Friday, September 16, 2011

The trouble with pitching shows...

Here's another character of a rat recording details from a crazy crime scene. It was from a project I was actively developing about six years ago that borrowed heavily from shows about detectives from the 50's and 60's. The pencil media is Polychromos Blue.
Now don't get me wrong, there's some great execs who take pitches all day long that get the ideas you're trying to sell...but unfortunately, there are a good number who have a hard time comprehending a good idea...or any idea.
It dawned on me after some rather unsuccessful pitches that a show like this could never fly today. It had a couple of strikes against it from the get go which I'll share with you here.
Strike One - It references a different time period. Because this show evokes old imagery from the 50's and 60's, Executives feel the show would never connect with todays' viewers.
Strike Two - The main character is an adult rat wearing clothes.
This would never fly with some executives because there would be too many confusing questions about the humanoid rat. I.E., Why is a rat wearing clothes? Rats can write? Is the rat really a human that looks like a rat? Why is the rat a detective? Can the rat talk? etc. etc. The questions would be too numerous to answer in a single sitting.
Besides, the rat is an adult and could never relate to children.
Strike Three - The rat character doesn't sing or have a band.  The kiss of death for a show like this. You see no band, no show.
Strike Four - The cartoon is a bit clever.  If the show has an ounce of wit or parody, the kiddies will never get it.
Strike Five - The cartoon has slapstick humor. You can't have characters hitting each other over the heads because kids watching will get the wrong idea and repeat it on their friends. Can you imagine the violence that could erupt nationwide?
Strike Six - The drawings are too slick and professional looking. If the drawing is drafted well, overseas animation studios will never be able to copy it. Better to stick to childlike drawings that are simpler to draw and kids can relate to better.
In other words, strive for the lower possible denominator. It's no wonder why kids don't watch cartoons anymore!


Kevin said...

What was the title of this show? Maybe the suits didn't get that either. Did it have 'Rat' in the title? Great drawing Brian.

Brubaker said...

"Strike 6" does make an interesting point. I'm remembering shows from the '90s that had character designs that are "slick" but were constantly drawn odd due to the service studios used. Some did really good job (TMS in Japan comes to mind), but others like Wang Films/Cuckoo's Nest or Akom really varied.

I can see how simpler styles can be appealing to producers because they're less likely to mess up. They don't always mean poor designs; I can name a few shows with minimalist designs that are appealing. On the other hand there are ALOT of poorly-designed shows.

Brian Mitchell said...

If you look at Disney's new TV shows based off of the classic motion pictures, they have simplified the characters to make them easier for the overseas studios to animate. Some human characters like Cruella DeVille and Captain Hook will look utterly hideous in the hands of someone who doesn't have the chops to pull it off; no less trying to pump out animation by the foot (or by the drawing).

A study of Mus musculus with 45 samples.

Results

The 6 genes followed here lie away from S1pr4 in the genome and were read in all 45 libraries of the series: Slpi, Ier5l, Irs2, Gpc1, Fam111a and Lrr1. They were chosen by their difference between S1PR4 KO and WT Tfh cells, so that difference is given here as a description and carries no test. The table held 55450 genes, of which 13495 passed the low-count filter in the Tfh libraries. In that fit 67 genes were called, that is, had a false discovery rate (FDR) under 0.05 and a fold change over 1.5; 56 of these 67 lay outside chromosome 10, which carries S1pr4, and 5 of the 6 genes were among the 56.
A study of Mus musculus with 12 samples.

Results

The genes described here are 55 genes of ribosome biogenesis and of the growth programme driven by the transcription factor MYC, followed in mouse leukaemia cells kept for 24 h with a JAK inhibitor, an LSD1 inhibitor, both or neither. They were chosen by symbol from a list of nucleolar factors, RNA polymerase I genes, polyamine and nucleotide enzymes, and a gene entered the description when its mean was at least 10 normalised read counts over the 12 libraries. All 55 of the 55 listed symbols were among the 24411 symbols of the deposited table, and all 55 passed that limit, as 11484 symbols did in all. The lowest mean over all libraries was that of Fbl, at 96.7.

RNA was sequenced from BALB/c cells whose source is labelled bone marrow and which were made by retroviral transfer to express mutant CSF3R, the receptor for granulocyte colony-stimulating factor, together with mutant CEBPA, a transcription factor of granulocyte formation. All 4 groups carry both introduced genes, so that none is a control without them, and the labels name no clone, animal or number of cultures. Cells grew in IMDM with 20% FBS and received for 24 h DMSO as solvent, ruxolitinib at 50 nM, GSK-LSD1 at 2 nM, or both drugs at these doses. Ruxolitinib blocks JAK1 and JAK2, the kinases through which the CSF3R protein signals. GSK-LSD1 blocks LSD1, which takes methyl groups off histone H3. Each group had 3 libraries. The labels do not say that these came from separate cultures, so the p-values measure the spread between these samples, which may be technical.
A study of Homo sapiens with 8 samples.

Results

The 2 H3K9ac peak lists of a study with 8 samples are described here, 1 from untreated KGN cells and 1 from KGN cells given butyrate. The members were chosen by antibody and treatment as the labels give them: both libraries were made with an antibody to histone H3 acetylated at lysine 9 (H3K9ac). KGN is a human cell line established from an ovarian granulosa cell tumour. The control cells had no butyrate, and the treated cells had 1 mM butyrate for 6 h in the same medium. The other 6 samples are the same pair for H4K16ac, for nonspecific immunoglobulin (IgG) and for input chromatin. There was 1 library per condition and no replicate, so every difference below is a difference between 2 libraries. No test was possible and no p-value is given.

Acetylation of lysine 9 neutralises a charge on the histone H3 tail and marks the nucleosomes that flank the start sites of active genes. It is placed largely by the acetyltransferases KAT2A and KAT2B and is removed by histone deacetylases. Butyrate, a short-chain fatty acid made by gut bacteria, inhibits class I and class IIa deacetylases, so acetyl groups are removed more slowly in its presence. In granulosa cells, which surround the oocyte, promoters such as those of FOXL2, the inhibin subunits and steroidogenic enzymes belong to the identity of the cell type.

There is nothing wrong with simple designs. Good simple drawings are hard to pull off, it's really the essence of the medium.
But a lot of the simpler designs are amatuerish meaning that there's no sense of design, style and appeal. Bugs Bunny, Daffy Duck, Mickey Mouse, UPA cartoons, Woody Woodpecker, Ren & Stimpy, Baloo the Bear, The Flintstones, Madame Medusa, Huckleberry Hound, The Pink Panther all have it. It's the element that makes you want to watch something. But sometimes different means edgy, at least to a certain group of people. But just because it's different, doesn't mean it's good.
I worked on quite a few shows over the 80's and 90's that were animated overseas. Mighty Mouse The New Adventures, had strong character layouts that were done by great character artists in LA, which Wang studios used in producing that show overseas.
TMS studios was known for producing superior quality TV animation. But those were the exceptions. Aside from the storyboards and model packs that were sent with the sound tracks to overseas studios, if a scene required real acting with strong poses (and if that wasn't spelled out), you couldn't expect great results. Even simple scenes with basic expression changes get screwed up overseas!
The animators trace the model sheets and add a few mouth shapes!
At Warners, I had a scene to storyboard that required a good amount of animation, continuous angle changes and camera gymnastics. Knowing that this would be very difficult to pull off in a feature animation scenario, I told the powers that be that it would be better to divide the shot into three separate shots because the overseas animation house would never be able to handle it as is.
Someone argued that it would look great in the cartoon. Anyway, to make a long story short, my objections were shot down.
The scene went in as scripted... and as expected, the film came back months later with that complicated scene looking like utter garbage.
Oh well.... The Magic of animation!

Brubaker said...

The process of overseas animation does leave alot to be desired. Could you elaborate on this further in a blog post? It's something that I'm interested in knowing more about.